News, stories and reports from Forestry Commission Scotland and the National Forest Estate

The benefits of woodland creation

Woodland creation plays an important role in contributing to the Scottish Government woodland target, as well as helping mitigate climate change by carbon sequestration and restoring lost habitats through developing forest habitat networks.


The new Forestry Grant Scheme went live in April 2015.  We held training workshops with agents and stakeholders to help introduce the new grant options and application process.  We also organised on-site farm visits and attended agricultural shows and events across the country raising awareness of the new scheme and the many benefits of woodland creation as part of integrated land management.


The immediate up-take and interest in the scheme was positive. Find out more about two very different schemes approved under the grant scheme.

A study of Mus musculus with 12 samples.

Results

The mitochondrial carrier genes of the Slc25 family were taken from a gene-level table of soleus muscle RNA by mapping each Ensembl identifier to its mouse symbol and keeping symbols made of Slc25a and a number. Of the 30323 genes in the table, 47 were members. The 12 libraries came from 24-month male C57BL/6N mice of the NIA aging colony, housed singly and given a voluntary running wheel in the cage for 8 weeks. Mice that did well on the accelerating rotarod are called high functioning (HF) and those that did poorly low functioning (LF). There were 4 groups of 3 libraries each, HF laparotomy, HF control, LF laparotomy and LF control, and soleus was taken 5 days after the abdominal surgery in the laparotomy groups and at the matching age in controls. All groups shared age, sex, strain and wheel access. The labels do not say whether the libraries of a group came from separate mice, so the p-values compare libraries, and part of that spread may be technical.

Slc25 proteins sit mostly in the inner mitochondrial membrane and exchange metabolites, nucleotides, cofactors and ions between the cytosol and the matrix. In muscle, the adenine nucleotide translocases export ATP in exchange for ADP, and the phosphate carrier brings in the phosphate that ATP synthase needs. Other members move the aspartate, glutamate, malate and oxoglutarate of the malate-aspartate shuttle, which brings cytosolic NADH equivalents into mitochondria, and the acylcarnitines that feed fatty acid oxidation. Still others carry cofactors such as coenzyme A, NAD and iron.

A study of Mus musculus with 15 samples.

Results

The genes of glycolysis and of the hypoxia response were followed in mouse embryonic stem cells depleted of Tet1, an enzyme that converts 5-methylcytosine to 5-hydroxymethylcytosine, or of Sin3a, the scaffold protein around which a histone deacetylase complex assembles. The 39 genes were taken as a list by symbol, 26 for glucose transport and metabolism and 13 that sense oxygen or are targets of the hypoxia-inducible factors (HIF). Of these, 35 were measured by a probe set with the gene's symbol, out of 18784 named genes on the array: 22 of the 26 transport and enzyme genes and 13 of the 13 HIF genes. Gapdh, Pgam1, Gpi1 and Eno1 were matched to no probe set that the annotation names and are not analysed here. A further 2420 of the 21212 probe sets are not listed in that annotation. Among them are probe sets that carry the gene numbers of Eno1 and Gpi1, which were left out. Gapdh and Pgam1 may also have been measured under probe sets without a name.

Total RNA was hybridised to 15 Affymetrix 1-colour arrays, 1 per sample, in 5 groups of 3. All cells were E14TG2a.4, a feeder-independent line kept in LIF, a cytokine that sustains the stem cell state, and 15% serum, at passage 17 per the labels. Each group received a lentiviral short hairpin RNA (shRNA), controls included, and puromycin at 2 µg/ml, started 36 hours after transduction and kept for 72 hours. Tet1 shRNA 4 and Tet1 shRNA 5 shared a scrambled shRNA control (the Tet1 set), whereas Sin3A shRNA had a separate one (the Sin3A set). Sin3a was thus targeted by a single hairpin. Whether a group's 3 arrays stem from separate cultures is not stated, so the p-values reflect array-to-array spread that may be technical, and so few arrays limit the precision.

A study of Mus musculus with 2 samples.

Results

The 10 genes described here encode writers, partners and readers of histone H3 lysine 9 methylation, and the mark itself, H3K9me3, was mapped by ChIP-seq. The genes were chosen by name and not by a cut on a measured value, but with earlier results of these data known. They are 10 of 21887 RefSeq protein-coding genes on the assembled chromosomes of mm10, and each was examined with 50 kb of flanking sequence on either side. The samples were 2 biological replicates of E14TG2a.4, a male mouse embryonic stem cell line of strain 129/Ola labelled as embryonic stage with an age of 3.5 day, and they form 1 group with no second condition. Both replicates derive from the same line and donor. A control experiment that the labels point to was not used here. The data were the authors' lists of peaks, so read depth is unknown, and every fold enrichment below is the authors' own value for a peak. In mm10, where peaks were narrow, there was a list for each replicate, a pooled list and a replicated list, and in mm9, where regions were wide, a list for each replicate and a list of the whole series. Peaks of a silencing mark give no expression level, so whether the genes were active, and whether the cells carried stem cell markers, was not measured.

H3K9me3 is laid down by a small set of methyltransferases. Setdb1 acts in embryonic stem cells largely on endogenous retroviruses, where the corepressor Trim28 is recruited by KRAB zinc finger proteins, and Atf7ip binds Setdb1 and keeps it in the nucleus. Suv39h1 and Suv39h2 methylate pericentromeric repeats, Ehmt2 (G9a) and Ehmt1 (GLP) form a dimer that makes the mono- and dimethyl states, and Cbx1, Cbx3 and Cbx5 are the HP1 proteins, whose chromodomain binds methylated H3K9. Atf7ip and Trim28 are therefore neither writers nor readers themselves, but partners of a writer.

Corrimony Pine Woodland in Glen Urquhurt, Invernessshire, was one of the first applications to be approved within the new Forestry Grant Scheme. 

Mr Girvan owns Corrimony Farm and aims to diversify the land to create a new native woodland with Scots pine, birch and other native species to link with existing native woodland habitats. This will also provide new woodland as part of the farm diversification project which has long term benefits of providing wood supply for owners district biomass heating system and local timber market.

In time the woodland will create a suitable link between existing native woodland areas contributing towards the carbon code lock up targets and provide suitable timber for the owners own district heating system and manufacturing industry.

scots pine

Beirhope is situated near Jedburgh in the Scottish Borders and successful received a grant for £570,000 to plant 160ha of productive conifers.  The new multi-purpose woodland will provide wood and fuel production, helping to underpin a sustainable forest products industry as an alternative to upland sheep farming. The wood will also enhance the landscape, maintain the archaeological feature and help to improve Scotland's greenhouse balance.